The early bird gets the bitcoin, and sometimes it’s better to be annoying than to miss the worm.

This bird, Olaf Carlson-Wee, was Coinbase’s first employee and, because of a “annoyingly long” cold email to the company seeking work, he was paid in bitcoin.

In 2012.

Coinbase, as most of the business world knows, went public on Wednesday via direct listing. The move was expected to bring the company valuation to more than $90 billion.

In a CNBC story, Carlson-Wee is shown to be among the earliest pioneers in predicting a big future for bitcoin.

He graduated Vassar College, having written his undergraduate thesis on bitcoin “and the larger implications of open source finance,” according to the story.

He was also one of Coinbase’s earliest users.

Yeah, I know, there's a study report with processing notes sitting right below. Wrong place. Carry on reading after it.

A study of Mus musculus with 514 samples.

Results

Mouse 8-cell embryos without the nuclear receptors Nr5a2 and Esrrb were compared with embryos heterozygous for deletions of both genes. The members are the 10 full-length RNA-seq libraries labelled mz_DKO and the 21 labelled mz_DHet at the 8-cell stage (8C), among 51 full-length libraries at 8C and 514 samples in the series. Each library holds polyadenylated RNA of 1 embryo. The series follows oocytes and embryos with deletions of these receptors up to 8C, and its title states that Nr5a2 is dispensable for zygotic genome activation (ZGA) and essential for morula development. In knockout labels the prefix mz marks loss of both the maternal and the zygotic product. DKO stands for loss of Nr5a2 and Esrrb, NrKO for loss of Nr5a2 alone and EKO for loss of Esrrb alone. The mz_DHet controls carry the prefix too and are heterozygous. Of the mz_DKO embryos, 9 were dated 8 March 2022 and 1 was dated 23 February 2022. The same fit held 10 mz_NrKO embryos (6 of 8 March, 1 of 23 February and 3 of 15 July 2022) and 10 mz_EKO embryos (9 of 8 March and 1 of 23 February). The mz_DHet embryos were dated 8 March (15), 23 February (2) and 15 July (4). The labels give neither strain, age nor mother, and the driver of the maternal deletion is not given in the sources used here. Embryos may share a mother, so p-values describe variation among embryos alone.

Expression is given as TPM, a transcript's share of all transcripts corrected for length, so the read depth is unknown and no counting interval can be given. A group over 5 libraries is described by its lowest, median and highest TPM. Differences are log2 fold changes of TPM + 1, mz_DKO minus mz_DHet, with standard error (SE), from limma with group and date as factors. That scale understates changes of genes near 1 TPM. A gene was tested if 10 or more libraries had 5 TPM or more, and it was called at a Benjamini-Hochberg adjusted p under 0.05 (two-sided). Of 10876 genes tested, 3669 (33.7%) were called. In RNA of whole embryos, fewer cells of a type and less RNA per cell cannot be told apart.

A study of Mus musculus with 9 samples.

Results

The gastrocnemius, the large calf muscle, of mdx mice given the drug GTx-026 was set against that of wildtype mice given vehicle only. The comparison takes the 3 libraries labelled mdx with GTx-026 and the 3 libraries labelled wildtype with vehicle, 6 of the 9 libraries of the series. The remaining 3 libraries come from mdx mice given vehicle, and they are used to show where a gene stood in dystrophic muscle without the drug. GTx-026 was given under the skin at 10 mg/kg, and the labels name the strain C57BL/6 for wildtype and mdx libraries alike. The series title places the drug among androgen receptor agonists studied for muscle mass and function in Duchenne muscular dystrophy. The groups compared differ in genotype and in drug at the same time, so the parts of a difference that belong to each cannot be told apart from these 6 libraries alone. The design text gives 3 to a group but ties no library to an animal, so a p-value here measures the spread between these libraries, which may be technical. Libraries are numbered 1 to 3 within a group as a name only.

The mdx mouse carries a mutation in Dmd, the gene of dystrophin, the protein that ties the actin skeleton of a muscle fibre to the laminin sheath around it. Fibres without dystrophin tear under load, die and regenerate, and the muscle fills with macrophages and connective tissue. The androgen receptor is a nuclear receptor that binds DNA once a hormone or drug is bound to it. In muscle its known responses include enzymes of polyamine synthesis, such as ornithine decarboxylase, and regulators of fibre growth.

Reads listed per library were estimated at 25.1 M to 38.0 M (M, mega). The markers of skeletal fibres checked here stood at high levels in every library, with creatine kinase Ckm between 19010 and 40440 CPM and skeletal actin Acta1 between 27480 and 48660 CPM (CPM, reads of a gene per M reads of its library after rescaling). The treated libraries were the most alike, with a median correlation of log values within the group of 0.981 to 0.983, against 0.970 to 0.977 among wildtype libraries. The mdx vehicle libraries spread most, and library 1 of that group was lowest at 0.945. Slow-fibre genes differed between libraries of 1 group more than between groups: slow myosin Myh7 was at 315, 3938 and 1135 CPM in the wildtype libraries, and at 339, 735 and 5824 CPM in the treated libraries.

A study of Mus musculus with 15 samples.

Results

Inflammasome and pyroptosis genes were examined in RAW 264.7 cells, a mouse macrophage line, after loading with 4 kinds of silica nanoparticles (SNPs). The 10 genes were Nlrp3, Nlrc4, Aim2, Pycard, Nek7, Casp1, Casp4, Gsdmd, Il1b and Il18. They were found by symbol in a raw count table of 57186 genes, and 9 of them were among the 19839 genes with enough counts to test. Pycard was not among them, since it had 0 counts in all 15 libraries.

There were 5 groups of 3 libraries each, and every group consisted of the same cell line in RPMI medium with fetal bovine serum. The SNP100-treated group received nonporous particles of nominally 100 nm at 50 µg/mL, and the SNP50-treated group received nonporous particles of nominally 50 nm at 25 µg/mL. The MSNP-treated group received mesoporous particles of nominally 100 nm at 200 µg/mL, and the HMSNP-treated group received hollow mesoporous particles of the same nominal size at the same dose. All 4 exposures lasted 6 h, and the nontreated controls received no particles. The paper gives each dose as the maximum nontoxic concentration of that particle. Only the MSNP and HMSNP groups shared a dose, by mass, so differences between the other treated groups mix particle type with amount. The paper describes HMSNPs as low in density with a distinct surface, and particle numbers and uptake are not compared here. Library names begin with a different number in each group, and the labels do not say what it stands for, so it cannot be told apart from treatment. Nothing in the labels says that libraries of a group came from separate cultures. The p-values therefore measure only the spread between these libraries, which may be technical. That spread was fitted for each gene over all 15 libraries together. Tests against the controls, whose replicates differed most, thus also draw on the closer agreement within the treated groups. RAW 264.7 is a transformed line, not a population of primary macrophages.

“I literally cold emailed jobs@coinbase and said, ‘I love bitcoin. Here’s my thesis. I’ll do any job,’” Carlson-Wee told Y Combinator, a blog site also invested in Coinbase.

When Carlson-Wee sent that cold email – with his roughly 90-page thesis attached, he received an email from one of Coinbase’s two co-founders, former Goldman Sachs trader Fred Ehrsam, asking Carlson-Wee to “hop on a Skype.”

Carlson-Wee was paid entirely in bitcoin, according to the Wall Street Journal, with a starting salary of $50,000.

It’s not clear how much bitcoin he owns, or whether he owns Coinbase stock.

Those shares rose more than 3% to $332 by early afternoon ET Thursday. A day earlier, the stock closed at $328.28, falling 14% from an opening price of $381.

Carlson-Wee worked customer support, according to CNBC, and ultimately as Coinbase’s head of risk. He left in 2016 to start a crypto hedge fund. Called Polychain Capital, the fund manages $300 million-plus in assets, according to Forbes.